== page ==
Will the Gulf Oil Disaster Result in Redistribution of Species? [w/Video]
“Scientists are concerned that the disruptions to the food chain and redistribution of animals could restructure the ecosystem for years.”
An important question has surfaced following the Gulf oil disaster:
What impact will the toxic combination of oil and dispersant have on the geographic distribution of species in the Gulf of Mexico, and, if there is an impact, what kind of cascading effect will it have on species in the food web ?
The notion stems from the idea that apex animals may be able to sense, and avoid, the deadly toxins. In short, will certain species relocate from traditional areas to find habitable ecosystems, and if they do, how will that impact interconnected species?
“Scientists are concerned that the disruptions to the food chain and redistribution of animals could restructure the ecosystem for years,” said
Dr. Doug Inkley
, senior scientist at NWF. “The Exxon Valdez oil spill in 1989 had this effect in Prince William Sound where the once-abundant herring population still has not recovered, likely forcing species once dependent on herring to seek other food sources.”
Dr. Aaron Adams, senior scientist at MOTE Marine Laboratory and director of Bonefish and Tarpon Trust (BTT), has worked with recreational and professional fisherman for years on a number of vital fisheries projects.
Over the past few months, Dr. Adams has received a number of reports from tarpon fisherman that challenges traditional migratory models for the majestic and economically potent game fish.
“Anglers and guides have already been telling us about changes in tarpon behavior. For example, instead of moving from East to West, they’re moving from West to East. Instead of going to Louisiana or the Florida panhandle, they might instead go to Mexico, or Honduras, where they get harvested in high numbers.”
Additionally, there is a great deal of concern regarding the Gulf oil disaster’s impact on whale sharks. This concern appears to be valid for a number of reasons.
According to Dr. Erik Hoffmayer, Gulf Coast Research Lab, “the area where the oil spill hit was a prime feeding area for whale sharks and because they’re filter feeders, they spend much of their time at the surface, which is where the oil had accumulated.”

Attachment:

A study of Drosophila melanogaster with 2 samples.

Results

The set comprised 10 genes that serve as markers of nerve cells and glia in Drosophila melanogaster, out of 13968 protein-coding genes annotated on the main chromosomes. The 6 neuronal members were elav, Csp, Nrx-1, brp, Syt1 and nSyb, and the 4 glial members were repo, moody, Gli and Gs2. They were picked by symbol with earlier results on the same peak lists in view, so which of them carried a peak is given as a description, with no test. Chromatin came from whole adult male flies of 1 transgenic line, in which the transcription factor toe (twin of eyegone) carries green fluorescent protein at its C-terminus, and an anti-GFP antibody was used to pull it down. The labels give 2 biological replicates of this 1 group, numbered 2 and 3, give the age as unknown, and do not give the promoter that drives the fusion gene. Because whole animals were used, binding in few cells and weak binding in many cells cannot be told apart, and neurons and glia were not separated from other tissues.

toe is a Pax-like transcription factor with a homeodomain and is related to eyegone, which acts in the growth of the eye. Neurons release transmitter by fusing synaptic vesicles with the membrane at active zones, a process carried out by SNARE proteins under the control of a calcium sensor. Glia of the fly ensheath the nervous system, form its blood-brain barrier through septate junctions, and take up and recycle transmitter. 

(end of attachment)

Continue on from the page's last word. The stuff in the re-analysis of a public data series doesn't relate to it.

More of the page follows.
Taking into account the feeding patterns of the species, the primary concern wasn’t focused on the toxicity of the oil and dispersants, but rather the high level of susceptibility to the physical properties of oil coating their gills.
“A big fear was that whale sharks would have their gills covered, suffocate, and sink to the bottom.” said Dr. Hoffmayer.
At the height of the Gulf oil disaster, Dr. Hoffmayer’s team made a startling discovery on a research expedition that would call into question whether or not certain species were able to detect, and avoid, the deadly toxins.
“The hope was that maybe they’d redistribute because of the oil, but the evidence revealed our worst fears: that these animals weren’t detecting oil. In fact, we witnessed three whale sharks swimming directly into the oil,” Hoffmayer said.
While it would appear that whale sharks weren’t able to detect the presence of oil, that doesn’t mean all species were unable to do so. Unfortunately, the state of affairs for the whale shark is very much up in the air for now.
“The three animals that we observed swimming in the oil were never seen sinking, but this probably occurred, and it’s going to take years of population’s data to really get an understanding of what this means,” Hoffmayer said.
In the end, the only thing that’s clear is there are a lot more questions than answers, and it appears as though it will take years, and billions of dollars, before we’ll really know what’s going on in the Gulf. While this may not be the most promising news, it should provide a much needed stimulus to ensure all responsible parties feet are held to the fire, and that proper funding channels are established for the long haul.